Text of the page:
The answer to this is never a simple one and as a rule of thumb, no medication should be stopped or altered without the advice of your doctor.
In addition, I would argue that while over the counter preparations can be very helpful, to use a herb safely and to get the greatest benefit from it, the best thing to do is consult a herbalist.
If you’re concerned about being on a medication and wondering if you are allowed to stop it at your own discretion, check with your doctor at the time they prescribe it.
I see a lot of people taking medicines that are not working or for problems that have long since been resolved.
If you have a question about one of your medicines, talk to your doctor or pharmacist about what benefit it is providing and whether or not it is still appropriate for your current condition of health.
Examples of people asking me to replace their medications include, women with hormonal problems, getting no benefit from their prescribed contraception medication, people with digestive issues, getting no relief from the omeprazole that has been prescribed, pain untouched by pain killers, eczema that is not responding to antihistamines and antidepressants or beta blockers that are not easing feelings of anxiety and depression.
These are all issues I regularly address in my clinic, but the important thing to note is that the services of a herbalist are not there to replace primary care.
The two are not mutually exclusive and one does not replace the other, they are in fact two sides of the same coin. Actually, health itself is multifaceted and can include any number of different therapies.
You wouldn’t stop seeing your physio for shoulder pain because you started to visit a counsellor for stress. Likewise, you shouldn’t stop seeing your doctor or taking medications because you have started seeing a herbalist about herbal therapy and nutrition.
Some medications need to be stopped slowly, some cause withdrawal symptoms and some may seem unnecessary but are in fact playing an important role.
I don’t advise on how to stop medications, because it is not my job. I wouldn’t try to fix the electrics in your house any more than I would start advising you on medications that I am not trained to prescribe. Both would be very dangerous.
This doesn’t mean I can’t help. I have, in many cases, successfully assisted someone in coming off a medication they have been put on.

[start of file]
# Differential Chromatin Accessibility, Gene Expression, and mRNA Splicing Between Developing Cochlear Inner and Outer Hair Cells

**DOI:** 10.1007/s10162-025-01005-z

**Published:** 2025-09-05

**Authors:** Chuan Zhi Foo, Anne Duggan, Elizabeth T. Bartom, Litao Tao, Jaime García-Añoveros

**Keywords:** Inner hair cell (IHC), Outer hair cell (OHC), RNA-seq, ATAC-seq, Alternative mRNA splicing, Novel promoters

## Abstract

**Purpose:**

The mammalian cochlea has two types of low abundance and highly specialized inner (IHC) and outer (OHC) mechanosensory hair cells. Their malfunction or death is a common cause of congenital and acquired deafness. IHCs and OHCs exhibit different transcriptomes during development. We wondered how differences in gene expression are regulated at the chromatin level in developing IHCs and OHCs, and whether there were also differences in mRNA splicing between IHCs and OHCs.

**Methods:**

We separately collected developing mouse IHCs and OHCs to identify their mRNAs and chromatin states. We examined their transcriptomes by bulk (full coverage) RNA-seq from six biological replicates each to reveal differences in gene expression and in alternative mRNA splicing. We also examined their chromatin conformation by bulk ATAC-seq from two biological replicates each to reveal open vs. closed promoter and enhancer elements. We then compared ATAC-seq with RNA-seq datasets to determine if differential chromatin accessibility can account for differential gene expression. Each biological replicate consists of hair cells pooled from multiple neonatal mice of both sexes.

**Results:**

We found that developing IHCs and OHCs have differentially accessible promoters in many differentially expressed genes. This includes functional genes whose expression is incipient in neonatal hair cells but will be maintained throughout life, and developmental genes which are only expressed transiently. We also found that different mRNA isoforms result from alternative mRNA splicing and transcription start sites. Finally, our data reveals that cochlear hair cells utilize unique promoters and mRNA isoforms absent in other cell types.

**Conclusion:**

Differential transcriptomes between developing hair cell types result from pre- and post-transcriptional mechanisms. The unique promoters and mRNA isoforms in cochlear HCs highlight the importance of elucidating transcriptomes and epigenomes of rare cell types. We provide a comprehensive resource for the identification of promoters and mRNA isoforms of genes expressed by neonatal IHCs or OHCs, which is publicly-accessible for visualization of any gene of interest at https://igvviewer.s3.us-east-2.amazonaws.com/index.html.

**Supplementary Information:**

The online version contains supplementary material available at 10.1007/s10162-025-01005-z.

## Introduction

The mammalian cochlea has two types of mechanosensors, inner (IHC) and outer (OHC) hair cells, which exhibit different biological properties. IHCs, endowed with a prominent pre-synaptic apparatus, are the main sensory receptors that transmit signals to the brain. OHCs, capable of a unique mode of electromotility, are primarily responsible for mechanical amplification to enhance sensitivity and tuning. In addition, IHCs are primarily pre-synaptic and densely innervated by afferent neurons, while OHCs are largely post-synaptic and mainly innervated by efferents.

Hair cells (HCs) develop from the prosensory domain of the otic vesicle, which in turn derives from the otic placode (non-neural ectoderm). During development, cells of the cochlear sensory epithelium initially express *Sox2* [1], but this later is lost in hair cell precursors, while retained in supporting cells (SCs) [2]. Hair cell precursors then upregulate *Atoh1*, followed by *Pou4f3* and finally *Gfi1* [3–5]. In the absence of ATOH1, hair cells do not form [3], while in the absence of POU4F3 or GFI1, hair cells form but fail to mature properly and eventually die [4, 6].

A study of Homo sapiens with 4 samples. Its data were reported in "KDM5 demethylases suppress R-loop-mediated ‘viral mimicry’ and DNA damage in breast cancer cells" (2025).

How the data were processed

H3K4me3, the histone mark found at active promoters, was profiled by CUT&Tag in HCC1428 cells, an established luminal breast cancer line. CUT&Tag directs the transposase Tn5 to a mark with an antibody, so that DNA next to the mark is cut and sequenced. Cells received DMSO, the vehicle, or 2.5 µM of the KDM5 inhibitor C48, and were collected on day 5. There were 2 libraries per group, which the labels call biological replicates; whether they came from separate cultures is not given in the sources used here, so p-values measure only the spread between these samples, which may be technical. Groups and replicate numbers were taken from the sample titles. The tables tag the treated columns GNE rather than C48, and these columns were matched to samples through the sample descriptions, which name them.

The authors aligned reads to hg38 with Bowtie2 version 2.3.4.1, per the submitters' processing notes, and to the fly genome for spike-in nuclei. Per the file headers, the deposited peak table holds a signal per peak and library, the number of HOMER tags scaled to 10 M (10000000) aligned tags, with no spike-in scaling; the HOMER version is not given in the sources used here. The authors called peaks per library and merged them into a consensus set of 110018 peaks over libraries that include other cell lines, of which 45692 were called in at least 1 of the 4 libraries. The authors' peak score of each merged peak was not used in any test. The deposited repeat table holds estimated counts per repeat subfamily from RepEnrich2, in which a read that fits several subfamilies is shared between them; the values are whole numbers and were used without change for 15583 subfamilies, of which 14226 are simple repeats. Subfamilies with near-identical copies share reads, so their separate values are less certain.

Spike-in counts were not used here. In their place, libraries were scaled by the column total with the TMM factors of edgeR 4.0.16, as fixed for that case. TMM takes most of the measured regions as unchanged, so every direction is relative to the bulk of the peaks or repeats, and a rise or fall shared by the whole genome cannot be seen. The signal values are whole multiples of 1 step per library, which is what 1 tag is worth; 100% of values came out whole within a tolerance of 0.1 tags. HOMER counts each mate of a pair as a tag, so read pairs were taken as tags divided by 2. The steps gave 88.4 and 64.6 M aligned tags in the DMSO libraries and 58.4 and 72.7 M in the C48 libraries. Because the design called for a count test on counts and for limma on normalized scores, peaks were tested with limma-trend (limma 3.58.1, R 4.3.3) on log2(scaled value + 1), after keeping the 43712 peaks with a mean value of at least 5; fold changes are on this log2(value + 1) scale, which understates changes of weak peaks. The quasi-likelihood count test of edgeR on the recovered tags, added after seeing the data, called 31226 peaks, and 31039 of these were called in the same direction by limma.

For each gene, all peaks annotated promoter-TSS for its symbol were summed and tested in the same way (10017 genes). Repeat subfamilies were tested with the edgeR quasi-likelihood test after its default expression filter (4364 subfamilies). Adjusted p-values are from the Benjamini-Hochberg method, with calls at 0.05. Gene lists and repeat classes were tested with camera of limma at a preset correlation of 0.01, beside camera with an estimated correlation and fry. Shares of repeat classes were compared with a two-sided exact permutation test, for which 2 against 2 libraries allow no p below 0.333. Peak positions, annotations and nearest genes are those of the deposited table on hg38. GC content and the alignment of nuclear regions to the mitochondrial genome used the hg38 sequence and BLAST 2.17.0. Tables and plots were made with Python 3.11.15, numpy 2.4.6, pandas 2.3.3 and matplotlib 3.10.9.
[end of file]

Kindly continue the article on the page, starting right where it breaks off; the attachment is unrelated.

I do this while their GP advises them on their medication doses and I advise them on herbs they can safely use.
In this way, we can safely build a road to success, while reducing reliance of pharmaceuticals which may have been problematic or only treating the symptoms instead of getting to the root of the problem.
Another point that I often make to concerned patients is that pharmaceutical medications are not inherently ‘bad’.
Some come with unpleasant side effects and are not recommended for long term use, but in some cases, they provide nothing but benefit.
In my own field, this is exactly the same with herbs. Some herbs can be toxic when used for long periods of time, while others are perfectly safe.
If you’re concerned about your prescription, take some time to consider where your worries come from.
Are you experiencing side effects? Has the medicine stopped working? Or, is it just because the idea of taking something ‘natural’ sounds better?
A qualified herbalist will be able to talk you through the benefits and limitations of herbal and nutritional intervention.
We can have a huge impact on certain areas of your health, but our power does have its limits.
Any herbalist worth their salt will be open about these limitations and no qualified herbalist will start messing around with medication prescribed by a GP.
We stick to what we are good at, because well... we are very, very good at it!
For more information or to book an appointment with Nicola, contact her clinic on 01524 413733.